A Look at the Success of the “On the Banning Of Looking For Alaska” Video Uploaded On YouTube
The Rhetorical Effectiveness of a YouTube Video
On April 12th, 2016, young adult novelist John Green uploaded a YouTube video titled On the Banning of Looking for Alaska, in which he discussed the circumstances surrounding his first novel being named the number-one most challenged book in the United States in 2015 (American Library Association). The video was posted to the Vlogbrothers channel—a decade-long video blog collaboration with his younger brother Hank who, together with John, are the leaders of an internet community known as Nerdfighters—a group of self-proclaimed “nerds” formed around the brothers’ videos who share similar interests and goals, such as making the world a better place through charity organizations like Project for Awesome and sharing enjoyable experiences such as the annual VidCon.
The duo regularly uploads videos twice a week that range in content from comedic to serious material and even educational information. To exemplify such a range, one of their videos is titled Understanding Trump’s Executive Order on Immigration and goes into depth explaining the President’s controversial immigration act through John’s best unbiased, educational manner of speaking; another is titled 54 JOKES! In Four Minutes! in which Hank rapidly recites an absurd number of puns in a limited amount of time. In an effort to be brief and concise in their videos, the Green brothers have a self-implemented four-minute rule—which states that their videos must be no longer than four minutes or else they must suffer a punishment chosen by the other brother and often the community as a whole (this explains Hank’s challenge to list as many jokes as possible within that time frame). Because of this rule, their vlogs are kept brief and the brothers usually cannot say the entirety of what they’d like on the subject at hand. Therefore, what usually results is a four-minute video in which each brother speaks very rapidly in order to get his point across in four minutes—which explains why John in his Looking for Alaska vlog utters 700 words in 3 minutes, 18 seconds. Due to this rule, the brothers are forced to only include the most important points and, therefore, achieve an effective sense of exigence and urgency in their discussions.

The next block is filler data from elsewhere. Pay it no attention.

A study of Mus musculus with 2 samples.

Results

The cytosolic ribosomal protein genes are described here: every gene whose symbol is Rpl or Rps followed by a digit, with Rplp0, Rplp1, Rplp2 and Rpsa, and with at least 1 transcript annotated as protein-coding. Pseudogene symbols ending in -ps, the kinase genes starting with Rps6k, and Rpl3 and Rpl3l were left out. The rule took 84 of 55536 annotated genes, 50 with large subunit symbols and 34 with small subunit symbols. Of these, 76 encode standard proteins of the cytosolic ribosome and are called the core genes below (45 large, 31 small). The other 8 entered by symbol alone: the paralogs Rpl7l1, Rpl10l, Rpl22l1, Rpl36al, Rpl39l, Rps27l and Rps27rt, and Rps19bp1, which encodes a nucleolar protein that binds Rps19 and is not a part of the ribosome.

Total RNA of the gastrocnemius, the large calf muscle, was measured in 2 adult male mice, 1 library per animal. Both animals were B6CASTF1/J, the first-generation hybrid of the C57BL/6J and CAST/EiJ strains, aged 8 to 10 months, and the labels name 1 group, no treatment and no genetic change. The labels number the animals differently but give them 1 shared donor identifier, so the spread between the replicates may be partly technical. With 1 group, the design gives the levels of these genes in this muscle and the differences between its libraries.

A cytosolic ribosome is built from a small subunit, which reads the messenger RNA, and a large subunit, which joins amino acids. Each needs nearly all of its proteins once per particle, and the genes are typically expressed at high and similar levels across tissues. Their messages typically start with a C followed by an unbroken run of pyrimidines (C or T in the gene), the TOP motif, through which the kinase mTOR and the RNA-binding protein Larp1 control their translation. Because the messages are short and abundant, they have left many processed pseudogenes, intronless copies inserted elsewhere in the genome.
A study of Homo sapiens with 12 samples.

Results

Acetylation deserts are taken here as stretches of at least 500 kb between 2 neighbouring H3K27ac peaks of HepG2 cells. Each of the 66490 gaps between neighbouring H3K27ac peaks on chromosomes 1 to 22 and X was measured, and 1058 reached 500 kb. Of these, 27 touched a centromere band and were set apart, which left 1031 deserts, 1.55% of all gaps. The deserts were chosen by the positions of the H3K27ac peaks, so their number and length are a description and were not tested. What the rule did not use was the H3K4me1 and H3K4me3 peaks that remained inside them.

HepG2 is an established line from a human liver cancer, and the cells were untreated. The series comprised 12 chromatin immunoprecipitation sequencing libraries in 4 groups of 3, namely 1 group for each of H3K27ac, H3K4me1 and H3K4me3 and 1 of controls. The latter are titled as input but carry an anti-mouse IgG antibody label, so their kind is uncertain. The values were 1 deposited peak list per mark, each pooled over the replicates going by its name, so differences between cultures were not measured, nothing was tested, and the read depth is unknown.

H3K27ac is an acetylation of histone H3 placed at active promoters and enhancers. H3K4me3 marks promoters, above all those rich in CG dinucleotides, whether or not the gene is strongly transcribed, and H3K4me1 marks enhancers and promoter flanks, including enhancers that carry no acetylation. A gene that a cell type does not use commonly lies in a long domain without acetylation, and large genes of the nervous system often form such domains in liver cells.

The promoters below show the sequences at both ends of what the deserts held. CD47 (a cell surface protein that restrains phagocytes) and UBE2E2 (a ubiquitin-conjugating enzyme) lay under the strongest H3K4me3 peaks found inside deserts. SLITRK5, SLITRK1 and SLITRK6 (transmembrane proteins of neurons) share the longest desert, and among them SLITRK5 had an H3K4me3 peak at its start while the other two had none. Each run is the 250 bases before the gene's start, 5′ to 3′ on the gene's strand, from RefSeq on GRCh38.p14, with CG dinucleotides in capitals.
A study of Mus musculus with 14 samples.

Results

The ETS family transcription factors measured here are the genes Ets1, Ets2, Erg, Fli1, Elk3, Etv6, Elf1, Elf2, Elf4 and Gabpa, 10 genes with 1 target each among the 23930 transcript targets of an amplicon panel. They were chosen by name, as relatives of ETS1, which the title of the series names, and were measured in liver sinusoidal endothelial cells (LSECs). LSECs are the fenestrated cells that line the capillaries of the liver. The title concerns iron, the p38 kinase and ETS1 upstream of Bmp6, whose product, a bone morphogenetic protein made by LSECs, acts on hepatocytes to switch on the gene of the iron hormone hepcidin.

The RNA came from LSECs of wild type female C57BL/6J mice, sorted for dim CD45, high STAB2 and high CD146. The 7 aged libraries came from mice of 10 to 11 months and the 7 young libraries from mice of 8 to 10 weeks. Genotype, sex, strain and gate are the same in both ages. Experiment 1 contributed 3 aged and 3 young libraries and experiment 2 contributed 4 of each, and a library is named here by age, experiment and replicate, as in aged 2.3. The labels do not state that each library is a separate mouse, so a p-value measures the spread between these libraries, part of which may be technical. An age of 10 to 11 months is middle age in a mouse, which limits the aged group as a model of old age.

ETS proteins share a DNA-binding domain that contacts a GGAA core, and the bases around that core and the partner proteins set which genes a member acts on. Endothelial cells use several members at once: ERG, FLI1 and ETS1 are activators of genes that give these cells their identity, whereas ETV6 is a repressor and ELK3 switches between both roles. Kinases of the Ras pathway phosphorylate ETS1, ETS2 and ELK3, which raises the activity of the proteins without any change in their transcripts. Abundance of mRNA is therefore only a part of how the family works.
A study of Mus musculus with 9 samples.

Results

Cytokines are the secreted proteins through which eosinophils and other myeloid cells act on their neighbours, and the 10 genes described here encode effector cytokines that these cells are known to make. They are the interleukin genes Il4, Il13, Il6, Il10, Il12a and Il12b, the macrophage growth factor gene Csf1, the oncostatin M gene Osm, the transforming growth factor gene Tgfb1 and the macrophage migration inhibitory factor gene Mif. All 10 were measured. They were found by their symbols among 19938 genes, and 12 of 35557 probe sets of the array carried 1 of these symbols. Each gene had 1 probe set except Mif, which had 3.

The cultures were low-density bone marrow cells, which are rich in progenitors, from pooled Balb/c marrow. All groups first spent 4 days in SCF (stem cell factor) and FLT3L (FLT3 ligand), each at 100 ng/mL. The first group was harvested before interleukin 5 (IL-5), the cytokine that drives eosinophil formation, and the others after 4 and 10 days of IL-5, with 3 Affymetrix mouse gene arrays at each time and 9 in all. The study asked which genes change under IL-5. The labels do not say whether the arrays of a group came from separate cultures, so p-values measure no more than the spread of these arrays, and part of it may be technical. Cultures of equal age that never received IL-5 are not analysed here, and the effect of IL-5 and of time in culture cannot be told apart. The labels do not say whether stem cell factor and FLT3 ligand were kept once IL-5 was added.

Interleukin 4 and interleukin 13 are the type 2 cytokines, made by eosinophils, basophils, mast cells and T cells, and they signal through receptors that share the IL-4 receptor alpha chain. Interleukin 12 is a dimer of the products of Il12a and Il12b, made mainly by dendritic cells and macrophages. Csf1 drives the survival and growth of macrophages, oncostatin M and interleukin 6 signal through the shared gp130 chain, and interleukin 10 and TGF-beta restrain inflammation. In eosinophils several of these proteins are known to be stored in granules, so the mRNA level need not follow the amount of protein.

In this particular video, John begins by assuming a comedic persona to introduce his topic, making some light jokes at his own expense and using humor to ease into the serious subject. This is likely done to maintain his audience and avoid turning them off by being serious right away. At about the fifty-second mark, however, he relinquishes his blithe tone in exchange for a more serious and thoughtful one. It is in this tone that he defends the merit of his novel’s content and criticizes the motivations of the many schools and libraries who chose to challenge or ban it in 2015. His argument is rife with effective rhetoric, including mostly logic-based lines of reasoning.